California Democratic Sen. Dianne Feinstein on Sunday bristled at the suggestion she is reflexively opposing President Trump's nominee for CIA director to bolster her liberal bona fides during her contested re-election campaign in the left-wing state.
In a testy exchange on CBS' "Face The Nation," Feinstein insisted she is only doing her "due diligence" on Gina Haspel, 61, and played down the role of her insurgent ultra-progressive challenger, state Sen. Kevin de León, in her decisionmaking.
Feinstein was pointedly rebuked in February by the California Democratic Party, which declined to endorse her run for Senate during its annual convention. A majority of delegates backed León.
"I am of the opinion that putting somebody right now at the head of the CIA who played a role in, let's say, torture is not necessarily appropriate," Feinstein told CBS host Margaret Brennan, echoing her past statements on Haspel. "I have met with Gina Haspel. I know her somewhat. I know that she is talented but I also know that she was fully supportive of the program that many of us are very critical of."
Haspel ran the CIA's first overseas detention site in Thailand, where imprisoned militants were repeatedly waterboarded, The New York Times reported in February 2017. The CIA declassified and released a 2011 memo clearing wrongdoing for her role in drafting an order to destroy videotaped evidence of so-called enhanced interrogation techniques.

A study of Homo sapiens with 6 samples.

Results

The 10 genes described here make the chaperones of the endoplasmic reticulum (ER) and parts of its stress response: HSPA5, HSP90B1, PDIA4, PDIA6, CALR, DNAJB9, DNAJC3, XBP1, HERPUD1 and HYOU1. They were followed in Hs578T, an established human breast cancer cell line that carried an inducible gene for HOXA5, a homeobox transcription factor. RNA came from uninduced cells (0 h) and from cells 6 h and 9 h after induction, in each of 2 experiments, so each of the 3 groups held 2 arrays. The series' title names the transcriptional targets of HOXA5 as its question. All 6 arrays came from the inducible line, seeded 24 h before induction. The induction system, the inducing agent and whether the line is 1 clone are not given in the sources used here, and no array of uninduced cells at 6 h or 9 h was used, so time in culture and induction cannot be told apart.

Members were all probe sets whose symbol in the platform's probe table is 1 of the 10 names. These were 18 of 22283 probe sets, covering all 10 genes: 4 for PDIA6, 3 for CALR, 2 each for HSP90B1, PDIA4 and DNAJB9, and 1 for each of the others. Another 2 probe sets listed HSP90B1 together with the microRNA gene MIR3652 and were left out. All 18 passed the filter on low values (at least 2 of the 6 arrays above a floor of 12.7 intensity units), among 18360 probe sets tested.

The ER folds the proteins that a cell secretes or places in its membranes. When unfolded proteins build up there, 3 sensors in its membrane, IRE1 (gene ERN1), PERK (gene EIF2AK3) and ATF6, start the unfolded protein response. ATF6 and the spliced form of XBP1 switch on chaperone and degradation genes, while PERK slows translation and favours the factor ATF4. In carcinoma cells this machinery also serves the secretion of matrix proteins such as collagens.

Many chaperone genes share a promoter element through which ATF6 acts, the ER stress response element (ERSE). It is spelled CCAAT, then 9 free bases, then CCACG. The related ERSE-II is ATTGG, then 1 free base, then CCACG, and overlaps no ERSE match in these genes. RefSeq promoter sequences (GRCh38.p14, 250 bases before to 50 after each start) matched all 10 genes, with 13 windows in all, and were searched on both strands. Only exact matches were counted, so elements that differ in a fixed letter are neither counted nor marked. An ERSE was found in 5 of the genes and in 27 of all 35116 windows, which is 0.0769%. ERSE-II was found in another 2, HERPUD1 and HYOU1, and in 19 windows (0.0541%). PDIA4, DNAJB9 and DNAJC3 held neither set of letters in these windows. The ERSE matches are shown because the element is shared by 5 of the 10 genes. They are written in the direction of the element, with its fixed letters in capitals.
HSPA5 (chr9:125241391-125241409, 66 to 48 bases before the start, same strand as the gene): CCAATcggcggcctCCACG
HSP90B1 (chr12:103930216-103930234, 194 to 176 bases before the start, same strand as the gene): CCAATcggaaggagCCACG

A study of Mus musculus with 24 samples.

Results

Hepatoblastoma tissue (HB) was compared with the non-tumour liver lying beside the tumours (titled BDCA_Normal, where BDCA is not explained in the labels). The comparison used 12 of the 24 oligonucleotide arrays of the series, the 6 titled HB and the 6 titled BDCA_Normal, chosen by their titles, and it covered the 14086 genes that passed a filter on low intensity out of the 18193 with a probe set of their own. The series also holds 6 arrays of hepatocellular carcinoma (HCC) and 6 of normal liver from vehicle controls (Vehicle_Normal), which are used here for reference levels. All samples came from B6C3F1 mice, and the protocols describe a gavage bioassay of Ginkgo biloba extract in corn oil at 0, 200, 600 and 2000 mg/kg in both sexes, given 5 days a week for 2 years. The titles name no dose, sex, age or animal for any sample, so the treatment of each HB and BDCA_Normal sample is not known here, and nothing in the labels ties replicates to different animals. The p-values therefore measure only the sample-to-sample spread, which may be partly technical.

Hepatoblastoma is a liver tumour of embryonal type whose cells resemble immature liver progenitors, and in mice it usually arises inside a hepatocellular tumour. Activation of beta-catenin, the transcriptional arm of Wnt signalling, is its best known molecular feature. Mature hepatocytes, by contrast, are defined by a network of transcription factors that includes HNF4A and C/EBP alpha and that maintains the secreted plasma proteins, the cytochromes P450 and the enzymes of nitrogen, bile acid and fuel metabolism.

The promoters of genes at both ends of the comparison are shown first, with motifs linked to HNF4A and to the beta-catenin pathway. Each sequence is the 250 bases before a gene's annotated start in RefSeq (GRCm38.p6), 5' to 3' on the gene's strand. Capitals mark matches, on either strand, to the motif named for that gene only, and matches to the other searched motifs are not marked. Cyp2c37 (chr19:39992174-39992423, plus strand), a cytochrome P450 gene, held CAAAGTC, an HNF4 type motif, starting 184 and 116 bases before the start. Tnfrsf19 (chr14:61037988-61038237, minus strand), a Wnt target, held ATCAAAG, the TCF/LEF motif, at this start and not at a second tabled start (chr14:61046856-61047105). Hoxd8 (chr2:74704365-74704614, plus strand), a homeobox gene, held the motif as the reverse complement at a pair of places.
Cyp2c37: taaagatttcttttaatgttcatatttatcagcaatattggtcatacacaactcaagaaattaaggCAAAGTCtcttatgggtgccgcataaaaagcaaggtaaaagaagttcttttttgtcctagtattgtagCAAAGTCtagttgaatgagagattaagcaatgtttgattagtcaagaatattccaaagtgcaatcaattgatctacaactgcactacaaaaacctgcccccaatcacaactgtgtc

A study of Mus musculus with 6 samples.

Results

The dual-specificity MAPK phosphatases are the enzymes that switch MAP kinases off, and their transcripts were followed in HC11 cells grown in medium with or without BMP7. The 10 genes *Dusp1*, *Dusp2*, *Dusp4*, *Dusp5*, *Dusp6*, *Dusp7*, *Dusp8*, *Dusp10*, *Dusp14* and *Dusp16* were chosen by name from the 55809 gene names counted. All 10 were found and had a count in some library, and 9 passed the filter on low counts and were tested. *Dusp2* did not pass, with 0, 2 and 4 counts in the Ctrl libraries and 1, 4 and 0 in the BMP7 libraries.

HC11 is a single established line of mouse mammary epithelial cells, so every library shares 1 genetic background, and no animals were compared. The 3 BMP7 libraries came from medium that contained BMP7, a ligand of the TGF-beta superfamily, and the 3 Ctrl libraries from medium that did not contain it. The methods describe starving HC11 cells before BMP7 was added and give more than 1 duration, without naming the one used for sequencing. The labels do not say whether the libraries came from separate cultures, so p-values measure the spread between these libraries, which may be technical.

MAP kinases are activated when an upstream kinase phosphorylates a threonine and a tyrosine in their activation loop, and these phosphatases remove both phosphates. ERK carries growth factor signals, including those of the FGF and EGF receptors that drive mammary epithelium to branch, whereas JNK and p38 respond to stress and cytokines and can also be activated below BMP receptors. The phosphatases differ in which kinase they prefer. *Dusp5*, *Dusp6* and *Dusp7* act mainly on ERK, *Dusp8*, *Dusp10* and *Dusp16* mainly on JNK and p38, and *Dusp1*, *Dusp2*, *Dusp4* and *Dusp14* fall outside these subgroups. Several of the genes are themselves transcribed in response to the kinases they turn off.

In March, Feinstein drew widespread criticism from California progressives for referring to Haspel as a "good deputy director."
Feinstein said she wouldn't make a final decision on whether she supports Haspel until after her confirmation hearing.
Haspel would be the first woman to ever lead the CIA.
"I care about who is head of the CIA, and I'm going to do my due diligence."
"There are those who are questioning whether it's possible for you personally to be supportive of her, given the pressures you are feeling from progressives back in your home state of California right now, that you just can't afford to support any Trump nominee," Brennan said. "Can you explain how you're weighing those things?"
Feinstein shot back: "Well, that isn't correct. Obviously, that's your interpretation of it, and you're welcome to that interpretation.
"I care about who is head of the CIA, and I'm going to do my due diligence, have a chance to ask her questions in the public arena and we'll do just that, and then we'll make up my mind whether I believe she's an appropriate person to head this agency," she continued.
While the vastly better-funded and more established Feinstein is widely expected to defeat León during the June primary, the upstart challenger is continuing to build momentum.
Earlier this month, billionaire Democratic donor Tom Steyer backed León, saying he "has proven himself to be the best of the next generation, and I am proud to support him for U.S. Senate."